By: Mike Lorion
Apples Response -
March 27, 1997
Rajiv Chandrasekaran's 3/14/97 article, titled, "Is School Out For Apple?" leaves readers with the false impression that schools have abandoned the Macintosh for Windows computers. We wish to set the record straight and pose a few questions of our own.
First, there are 30 middle schools in Montgomery County; 29 of those schools use Macintoshes exclusively. Our question: How is it that Mr. Chandrasekaran chose to cite the one middle school that purchased Windows systems?
Second, he conducted a 20-minute interview with Deeva Garel, the director of Network services for the county, yet he failed to include any of her remarks. That is unfortunate because, according to Ms. Garel, she told him:
Our question: Are these not relevant points to bring out in the story?
Third, in an attempt to support his thesis, Mr. Chandrasekaran presents an incomplete reference to a report from International Data Corp. (IDC) that measured computer purchase plans among schools and districts for the 1996-97 school year. The report showed that 55% of the schools surveyed intend to purchase Windows systems this year, whereas 56 percent of districts plan to purchase Macintoshes.
Question: Since districts control 75% of Hardware purchases, shouldn't Mr. Chandrasekaran have mentioned that schools may not be the most reliable predictor of intent-to-purchase plans?
Moreover, in focusing on the report BCs forecasts, Mr. Chandrasekaran neglected to report the actual numbers of computers installed in K-12 institutions today. A few facts:
Our question: Doesn't balanced reporting demand including both?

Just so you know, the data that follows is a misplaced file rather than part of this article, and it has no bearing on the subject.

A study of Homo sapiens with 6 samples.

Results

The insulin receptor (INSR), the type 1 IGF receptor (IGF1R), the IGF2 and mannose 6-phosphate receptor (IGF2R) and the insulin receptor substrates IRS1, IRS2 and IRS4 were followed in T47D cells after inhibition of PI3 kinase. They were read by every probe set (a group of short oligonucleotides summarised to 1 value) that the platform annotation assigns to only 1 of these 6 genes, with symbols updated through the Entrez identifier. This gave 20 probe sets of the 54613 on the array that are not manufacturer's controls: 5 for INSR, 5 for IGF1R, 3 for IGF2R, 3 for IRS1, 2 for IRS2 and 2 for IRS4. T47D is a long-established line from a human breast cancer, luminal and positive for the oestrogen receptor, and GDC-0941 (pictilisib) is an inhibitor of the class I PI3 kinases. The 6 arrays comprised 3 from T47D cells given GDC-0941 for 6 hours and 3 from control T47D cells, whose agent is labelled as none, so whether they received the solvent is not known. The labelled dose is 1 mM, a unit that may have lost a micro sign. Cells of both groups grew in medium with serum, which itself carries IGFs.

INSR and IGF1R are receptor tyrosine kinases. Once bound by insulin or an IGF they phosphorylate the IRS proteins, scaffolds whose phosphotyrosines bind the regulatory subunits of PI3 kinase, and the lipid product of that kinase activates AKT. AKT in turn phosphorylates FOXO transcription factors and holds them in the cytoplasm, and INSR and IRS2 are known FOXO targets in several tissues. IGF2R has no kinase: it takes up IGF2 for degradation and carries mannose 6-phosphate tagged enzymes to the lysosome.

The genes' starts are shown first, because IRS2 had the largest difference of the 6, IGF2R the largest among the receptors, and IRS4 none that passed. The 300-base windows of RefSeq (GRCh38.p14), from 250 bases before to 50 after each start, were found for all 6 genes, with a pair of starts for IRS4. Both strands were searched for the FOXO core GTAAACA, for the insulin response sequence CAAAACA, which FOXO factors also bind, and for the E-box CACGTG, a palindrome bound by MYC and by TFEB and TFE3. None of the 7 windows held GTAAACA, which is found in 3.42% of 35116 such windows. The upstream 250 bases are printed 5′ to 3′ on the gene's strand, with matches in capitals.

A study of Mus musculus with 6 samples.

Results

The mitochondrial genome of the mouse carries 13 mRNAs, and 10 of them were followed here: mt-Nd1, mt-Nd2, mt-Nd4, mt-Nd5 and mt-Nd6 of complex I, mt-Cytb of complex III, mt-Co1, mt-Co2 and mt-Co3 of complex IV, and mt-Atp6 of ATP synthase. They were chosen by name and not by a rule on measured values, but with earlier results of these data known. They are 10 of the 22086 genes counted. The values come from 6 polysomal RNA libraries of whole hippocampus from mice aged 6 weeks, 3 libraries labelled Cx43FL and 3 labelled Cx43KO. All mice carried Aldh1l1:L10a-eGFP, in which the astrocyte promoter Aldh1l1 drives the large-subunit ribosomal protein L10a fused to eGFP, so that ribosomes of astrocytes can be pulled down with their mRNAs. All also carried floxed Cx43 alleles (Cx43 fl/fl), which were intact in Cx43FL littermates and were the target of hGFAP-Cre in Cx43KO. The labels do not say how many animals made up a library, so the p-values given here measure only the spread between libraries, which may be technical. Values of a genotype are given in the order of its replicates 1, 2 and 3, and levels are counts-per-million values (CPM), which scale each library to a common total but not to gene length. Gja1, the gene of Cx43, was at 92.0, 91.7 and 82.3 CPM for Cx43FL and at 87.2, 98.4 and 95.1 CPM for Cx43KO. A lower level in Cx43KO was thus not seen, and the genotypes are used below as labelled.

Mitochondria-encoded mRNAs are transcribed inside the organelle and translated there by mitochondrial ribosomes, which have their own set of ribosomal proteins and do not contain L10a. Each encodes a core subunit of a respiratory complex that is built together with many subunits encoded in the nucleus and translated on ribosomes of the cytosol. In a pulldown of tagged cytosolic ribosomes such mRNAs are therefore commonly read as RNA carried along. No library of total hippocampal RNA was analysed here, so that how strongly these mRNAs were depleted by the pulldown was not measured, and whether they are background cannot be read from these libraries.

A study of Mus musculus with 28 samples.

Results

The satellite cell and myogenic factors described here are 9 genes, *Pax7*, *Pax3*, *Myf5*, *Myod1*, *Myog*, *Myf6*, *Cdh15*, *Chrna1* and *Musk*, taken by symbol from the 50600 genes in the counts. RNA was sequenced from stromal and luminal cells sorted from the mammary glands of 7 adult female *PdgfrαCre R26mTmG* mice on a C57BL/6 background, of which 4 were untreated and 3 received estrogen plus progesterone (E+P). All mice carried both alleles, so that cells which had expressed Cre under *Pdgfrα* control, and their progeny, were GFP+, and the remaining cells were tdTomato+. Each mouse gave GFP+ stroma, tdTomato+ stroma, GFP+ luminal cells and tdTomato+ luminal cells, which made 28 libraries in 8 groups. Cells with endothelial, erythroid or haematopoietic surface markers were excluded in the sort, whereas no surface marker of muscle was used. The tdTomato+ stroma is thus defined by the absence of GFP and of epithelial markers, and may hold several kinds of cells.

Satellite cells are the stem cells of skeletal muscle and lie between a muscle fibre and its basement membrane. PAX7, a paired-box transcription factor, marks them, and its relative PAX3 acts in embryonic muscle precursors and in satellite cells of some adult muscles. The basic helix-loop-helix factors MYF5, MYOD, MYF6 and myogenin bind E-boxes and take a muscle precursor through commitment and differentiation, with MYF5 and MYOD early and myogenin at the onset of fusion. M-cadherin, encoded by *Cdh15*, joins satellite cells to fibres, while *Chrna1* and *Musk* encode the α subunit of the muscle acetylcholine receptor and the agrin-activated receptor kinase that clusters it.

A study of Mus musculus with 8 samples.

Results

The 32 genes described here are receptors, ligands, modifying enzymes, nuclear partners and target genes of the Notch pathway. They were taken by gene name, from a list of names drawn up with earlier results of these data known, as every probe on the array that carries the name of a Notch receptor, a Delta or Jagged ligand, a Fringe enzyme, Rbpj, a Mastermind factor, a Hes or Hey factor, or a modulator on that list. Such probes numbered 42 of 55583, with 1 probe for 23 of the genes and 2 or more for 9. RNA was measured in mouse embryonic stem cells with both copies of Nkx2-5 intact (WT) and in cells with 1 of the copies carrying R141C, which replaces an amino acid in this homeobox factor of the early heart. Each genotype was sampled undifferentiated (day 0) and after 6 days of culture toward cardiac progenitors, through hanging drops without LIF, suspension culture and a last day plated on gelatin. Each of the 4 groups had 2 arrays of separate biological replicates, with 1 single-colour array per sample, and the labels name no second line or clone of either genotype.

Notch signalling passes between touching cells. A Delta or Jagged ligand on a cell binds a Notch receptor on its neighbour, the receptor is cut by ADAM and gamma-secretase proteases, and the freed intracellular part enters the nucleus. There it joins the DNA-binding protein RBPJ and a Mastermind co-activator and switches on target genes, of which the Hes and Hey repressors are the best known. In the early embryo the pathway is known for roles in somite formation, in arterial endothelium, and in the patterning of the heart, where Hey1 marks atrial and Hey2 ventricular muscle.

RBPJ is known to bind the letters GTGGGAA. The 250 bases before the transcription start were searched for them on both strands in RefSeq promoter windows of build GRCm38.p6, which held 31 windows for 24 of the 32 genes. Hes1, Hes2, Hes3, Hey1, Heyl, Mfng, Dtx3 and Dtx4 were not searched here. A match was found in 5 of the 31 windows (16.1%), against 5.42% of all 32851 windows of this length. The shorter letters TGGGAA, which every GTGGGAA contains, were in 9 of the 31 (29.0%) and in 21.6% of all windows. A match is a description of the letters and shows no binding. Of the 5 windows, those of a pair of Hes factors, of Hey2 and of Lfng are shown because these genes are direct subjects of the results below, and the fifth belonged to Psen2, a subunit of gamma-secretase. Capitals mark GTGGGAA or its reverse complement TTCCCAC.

Fourth, he states that Apple's current share of the education market is 58 percent, according to QED. Admittedly this is down slightly from year's past. Our question, however, is whether Mr. Chandrasekaran is seriously suggesting that serving nearly three-fifths of any market is a weak position?
Further, Mr. Chandrasekaran describes the Wintel share of the market as 39 percent, yet this is a mix of Apples and oranges. The Wintel numbers are an aggregate of ALL PC companies' sales into education.
Fifth, he paraphrases an unnamed group of analysts and educators as questioning Apple's ability to give teachers what they need after our recent reorganization. No education people in the Washington area were affected by layoffs; the local team dedicated to serving Maryland, Washington and Northern Virginia totals 16 people. Moreover, our first quarter K-12 sales for this region were up 20 percent in unit volume and 15 percent in dollar volume from last year.
Additionally, I personally told Mr. Chandrasekaran how we are changing the educational technology landscape with the eMate 300, and also emphasized that the reorganization will allow us to focus even more on education as a strategic market.
Our question: Does this sound like a company unable to support the education market?
Finally, let's not forget the children. There is a reason that education has stood by Apple and its products for 20 years: the learning experience for children. With all due respect to one principal quoted in the article, we believe what children learn about computers is not nearly so important as what they learn by using the computer as a knowledge resource. Time and time and time again, the Macintosh's intuitive interface is heralded because it lets children concentrate on creating, exploring and learning -- not on figuring out how to use the computer.
Though he may not have intended, Mr. Chandrasekaran's exclusion of relevant facts and apparent cursory analysis impugns Apple's corporate reputation in a highly valued and strategic market.